It’s a bit ironic that a place with paradise-like scenery — blue lagoons, lush tropical forests, postcard ocean views— would be the backdrop for such dire warnings. But that’s the case on the Indonesian island of Bali this week, where representatives from more than 200 nations have gathered to find common ground in fighting climate change.
With more than 11,000 attendees, the United Nations Climate Change Conference is the largest U.N. climate change meeting ever held. Organizers are hoping the meeting will lead to a “political breakthrough.” Their goal is an international climate change agreement that includes the United States, China and India.
Bali attendees are also looking at ways to help people adapt and prepare for the effects of climate change with a particular focus of helping poorer countries cope with the effects of climate change. Another key issue is how to continue the work of the Kyoto Protocol to reduce greenhouse gas emissions. According to the United Nations Framework Convention on Climate Change (UNFCCC), the total greenhouse gas emissions of 40 industrialized nations grew to an all-time high in 2005.
Recently, Australia joined the more than 170 nations that have ratified the Kyoto Protocol. That leaves the world’s leading greenhouse gas emitter, the United States, as the only industrialized nation to oppose Kyoto. The United States does have representatives at the Bali meeting, but news reports have them fighting mandatory greenhouse gas cuts.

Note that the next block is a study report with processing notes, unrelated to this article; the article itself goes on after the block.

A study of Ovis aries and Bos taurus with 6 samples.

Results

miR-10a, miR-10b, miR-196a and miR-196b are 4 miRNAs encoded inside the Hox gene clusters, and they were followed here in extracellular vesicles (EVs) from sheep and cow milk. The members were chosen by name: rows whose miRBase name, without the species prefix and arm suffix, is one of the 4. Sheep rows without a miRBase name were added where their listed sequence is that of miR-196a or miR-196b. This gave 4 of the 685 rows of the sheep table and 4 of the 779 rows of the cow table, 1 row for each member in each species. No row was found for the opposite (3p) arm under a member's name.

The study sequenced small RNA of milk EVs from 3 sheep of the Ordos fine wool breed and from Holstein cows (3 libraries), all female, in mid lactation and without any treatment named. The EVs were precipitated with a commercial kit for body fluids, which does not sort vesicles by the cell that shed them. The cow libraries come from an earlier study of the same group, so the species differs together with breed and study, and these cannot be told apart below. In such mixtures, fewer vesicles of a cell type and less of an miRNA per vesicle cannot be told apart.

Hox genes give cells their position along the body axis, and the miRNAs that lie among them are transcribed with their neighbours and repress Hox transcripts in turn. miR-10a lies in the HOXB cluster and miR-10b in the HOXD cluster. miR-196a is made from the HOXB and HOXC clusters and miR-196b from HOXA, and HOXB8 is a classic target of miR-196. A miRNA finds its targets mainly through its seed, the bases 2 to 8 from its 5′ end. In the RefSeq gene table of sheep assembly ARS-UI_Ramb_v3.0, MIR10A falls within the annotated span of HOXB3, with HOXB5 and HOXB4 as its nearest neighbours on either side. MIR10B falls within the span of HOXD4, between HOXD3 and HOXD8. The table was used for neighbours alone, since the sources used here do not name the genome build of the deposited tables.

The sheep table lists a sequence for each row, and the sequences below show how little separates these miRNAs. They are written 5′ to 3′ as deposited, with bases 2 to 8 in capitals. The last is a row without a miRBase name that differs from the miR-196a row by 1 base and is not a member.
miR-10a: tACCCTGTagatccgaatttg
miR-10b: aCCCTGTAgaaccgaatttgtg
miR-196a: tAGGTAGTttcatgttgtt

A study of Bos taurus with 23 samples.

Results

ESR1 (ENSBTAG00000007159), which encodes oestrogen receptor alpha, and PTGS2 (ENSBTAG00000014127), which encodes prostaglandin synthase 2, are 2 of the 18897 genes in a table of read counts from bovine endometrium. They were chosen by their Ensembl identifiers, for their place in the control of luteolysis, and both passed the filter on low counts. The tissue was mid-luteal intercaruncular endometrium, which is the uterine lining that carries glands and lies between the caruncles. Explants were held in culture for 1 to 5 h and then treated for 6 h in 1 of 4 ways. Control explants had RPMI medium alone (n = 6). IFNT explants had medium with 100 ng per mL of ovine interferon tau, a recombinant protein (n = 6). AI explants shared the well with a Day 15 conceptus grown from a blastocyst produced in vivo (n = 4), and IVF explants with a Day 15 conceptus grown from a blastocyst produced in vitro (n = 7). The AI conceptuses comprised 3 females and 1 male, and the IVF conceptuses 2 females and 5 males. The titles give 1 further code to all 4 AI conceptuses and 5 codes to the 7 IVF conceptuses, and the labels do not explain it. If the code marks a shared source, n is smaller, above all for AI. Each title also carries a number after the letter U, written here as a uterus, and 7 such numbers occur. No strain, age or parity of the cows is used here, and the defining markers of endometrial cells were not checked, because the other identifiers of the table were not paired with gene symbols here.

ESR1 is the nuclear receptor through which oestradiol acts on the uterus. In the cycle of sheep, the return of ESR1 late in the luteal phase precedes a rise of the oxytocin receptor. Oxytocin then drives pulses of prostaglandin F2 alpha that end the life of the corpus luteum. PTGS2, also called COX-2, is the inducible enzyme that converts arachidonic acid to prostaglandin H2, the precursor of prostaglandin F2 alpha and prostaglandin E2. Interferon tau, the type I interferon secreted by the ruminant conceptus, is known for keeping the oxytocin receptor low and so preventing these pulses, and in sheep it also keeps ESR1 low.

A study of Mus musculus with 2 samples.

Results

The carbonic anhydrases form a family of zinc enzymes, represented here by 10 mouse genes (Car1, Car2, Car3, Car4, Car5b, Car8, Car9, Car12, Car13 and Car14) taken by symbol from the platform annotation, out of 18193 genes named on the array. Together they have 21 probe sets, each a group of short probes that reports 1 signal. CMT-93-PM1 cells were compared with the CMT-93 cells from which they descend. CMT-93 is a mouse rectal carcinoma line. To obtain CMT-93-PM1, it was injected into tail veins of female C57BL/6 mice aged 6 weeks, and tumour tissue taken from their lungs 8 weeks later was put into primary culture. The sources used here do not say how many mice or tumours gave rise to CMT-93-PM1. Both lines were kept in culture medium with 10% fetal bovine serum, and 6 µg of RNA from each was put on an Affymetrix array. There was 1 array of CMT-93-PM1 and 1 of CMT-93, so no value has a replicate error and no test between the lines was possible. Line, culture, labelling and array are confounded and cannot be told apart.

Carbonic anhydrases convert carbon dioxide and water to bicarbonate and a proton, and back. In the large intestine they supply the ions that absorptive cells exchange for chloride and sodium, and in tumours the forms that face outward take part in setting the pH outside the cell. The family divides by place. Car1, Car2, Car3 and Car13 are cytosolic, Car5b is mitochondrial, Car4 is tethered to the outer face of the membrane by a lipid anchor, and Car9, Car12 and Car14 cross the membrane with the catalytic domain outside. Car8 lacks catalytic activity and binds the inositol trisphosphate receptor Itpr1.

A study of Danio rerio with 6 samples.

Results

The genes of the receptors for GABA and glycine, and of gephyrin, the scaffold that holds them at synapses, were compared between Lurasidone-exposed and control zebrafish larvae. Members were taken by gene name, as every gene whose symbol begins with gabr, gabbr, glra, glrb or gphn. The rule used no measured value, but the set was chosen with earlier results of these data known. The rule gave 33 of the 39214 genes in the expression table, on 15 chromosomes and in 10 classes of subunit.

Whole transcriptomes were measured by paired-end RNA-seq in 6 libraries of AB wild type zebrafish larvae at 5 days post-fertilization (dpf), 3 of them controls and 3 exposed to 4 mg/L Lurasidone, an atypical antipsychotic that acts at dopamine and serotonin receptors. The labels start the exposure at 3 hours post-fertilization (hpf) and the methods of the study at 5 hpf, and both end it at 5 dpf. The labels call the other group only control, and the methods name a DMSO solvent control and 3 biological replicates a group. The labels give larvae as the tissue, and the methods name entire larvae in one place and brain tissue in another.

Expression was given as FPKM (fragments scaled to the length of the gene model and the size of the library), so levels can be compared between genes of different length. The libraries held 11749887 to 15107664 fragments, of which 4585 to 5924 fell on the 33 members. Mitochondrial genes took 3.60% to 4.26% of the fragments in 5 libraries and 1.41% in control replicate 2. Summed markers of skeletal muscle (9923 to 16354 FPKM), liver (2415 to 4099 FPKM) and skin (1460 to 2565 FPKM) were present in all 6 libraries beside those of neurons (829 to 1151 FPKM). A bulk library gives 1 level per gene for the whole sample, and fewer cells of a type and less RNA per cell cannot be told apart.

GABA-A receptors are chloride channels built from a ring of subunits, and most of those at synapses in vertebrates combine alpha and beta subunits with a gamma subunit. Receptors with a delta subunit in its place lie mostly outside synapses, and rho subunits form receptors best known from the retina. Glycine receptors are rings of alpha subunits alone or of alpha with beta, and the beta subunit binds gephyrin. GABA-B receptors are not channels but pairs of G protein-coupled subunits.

On a positive note, 15 members of the U.S. Senate wrote a letter to the UNFCCC executive secretary in December. They reported that “change is happening now, and even bigger changes are on the horizon.” The letter referred to a Dec. 5 vote to send the Lieberman-Warner Climate Security Act to the full Senate for consideration. The bill would greatly reduce greenhouse gas emissions from electric power plants, manufacturing and transportation.
As public health workers, how can we help push the U.S. climate change movement forward?